Kabaddi: Leaving behind tragic past, Rohit keen on justifying hefty price tag

File Photo : Pro-Kabaddi League
IANS|29-May-2017 12:13

New Delhi, May 29 : Pro-Kabaddi League (PKL) franchise Bengaluru Bulls' player Rohit Kumar, who was in the limelight for all the wrong reasons not so long ago, wants to put behind the tragic incidents of his life and is aiming to live up to his price-tag of Rs 81 lakh which he grabbed in the recent auctions here.

Rohit, who was born in the village of Nizampur in Haryana, was the second-costliest player to be bought. Raider Nitin Tomar -- bought for a whopping Rs 93 lakh by GMR-owned Team Uttar Pradesh -- emerged as the costliest player to be bought in the PKL auction.

But last year, life seemed to go all topsy-turvy for the 27-year-old national-level player as he was arrested in connection with the suicide by his wife Lalita, who had accused him and her in-laws of harassment.

"I am focusing on the upcoming season. I believe in moving forward and giving my best. I have trained very hard. I am a good raider and believe in doing my best in gaining bonus points for my team. I also give my best as a defender," Rohit told IANS.

Given his humble background, Rohit has done what many people only dream of. He played for Patna Pirates in the third edition of the PKL and became the first player after Indian skipper Anup Kumar to win the Most Valuable Player (MVP) award in his debut season.

When questioned about how it feels to be the second-highest paid player in the auction, an elated Rohit said that he was happy to see the growth of the game.

The first auction of the league was held in 2014, with former India captain Rakesh Kumar being the most expensive player at Rs 12.8 lakh.

"It is extremely exhilarating not only because of the monetary value, but also because I feel like I've been recognised and rewarded for all the years of effort I've put into this sport," Rohit, who was drafted in to represent India at the 2016 South Asian Games, said.

"Secondly, this also shows the growth potential in a sport like kabaddi which was not very well-recognised by the urban population in India before the launch of the pro-kabaddi league," he added.

Kabaddi, which originated in south Asia, is a physically demanding sport. It is a mix of tag, wrestling, rugby and chanting and needs players to have presence of mind and a tough body.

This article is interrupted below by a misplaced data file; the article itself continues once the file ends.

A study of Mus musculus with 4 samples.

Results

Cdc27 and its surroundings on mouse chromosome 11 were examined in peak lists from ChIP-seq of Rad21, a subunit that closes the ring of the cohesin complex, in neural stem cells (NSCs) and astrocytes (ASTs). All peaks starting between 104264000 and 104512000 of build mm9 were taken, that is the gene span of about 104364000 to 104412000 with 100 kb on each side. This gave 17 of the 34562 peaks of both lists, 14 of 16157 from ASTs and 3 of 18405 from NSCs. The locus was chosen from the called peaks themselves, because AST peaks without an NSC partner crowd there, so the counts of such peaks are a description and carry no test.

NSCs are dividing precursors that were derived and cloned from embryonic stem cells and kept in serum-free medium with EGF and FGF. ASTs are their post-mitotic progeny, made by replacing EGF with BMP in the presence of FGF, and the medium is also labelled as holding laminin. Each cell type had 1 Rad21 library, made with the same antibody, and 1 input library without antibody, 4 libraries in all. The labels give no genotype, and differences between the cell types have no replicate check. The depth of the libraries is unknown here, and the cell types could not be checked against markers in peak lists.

Commenting on his training and diet, Rohit said: "Kabaddi indeed is a very demanding sport. Whether you are a raider or a defender one has to repeatedly make an effort at honing their skills and techniques in the sport thus continuous practice is important. But along with practice prevention of injury is another important aspect. Since kabaddi is quite a rash sport, players tend to get injured too soon."

"Thus, strength training is extremely important to be less susceptible to injuries. Apart from practice and strength training, I also I make sure I do agility training because speed and reflex actions are an important aspect of kabaddi. Apart from this, I also make sure I take care of my diet. I'm very strict with my diet while training," he added.

"While I'm training, I make sure I include a lot of proteins in my diet and stay away from junk food. So it's a complete no-no to junk food and food that is high in starch while training."

Rohit also advised young players to train hard and get associated with grassroot-level programmes to improve their skills.

"I would advise them to train hard, stay true to the sport. Also, I think it's a great time to take up a sport like kabaddi because with the launch of the pro-kabaddi league and grassroot-level programmes like Redbull Tashan," said Rohit whose team Bengaluru have associated with Redbull Tashan, which seeks to help in nurturing the talent.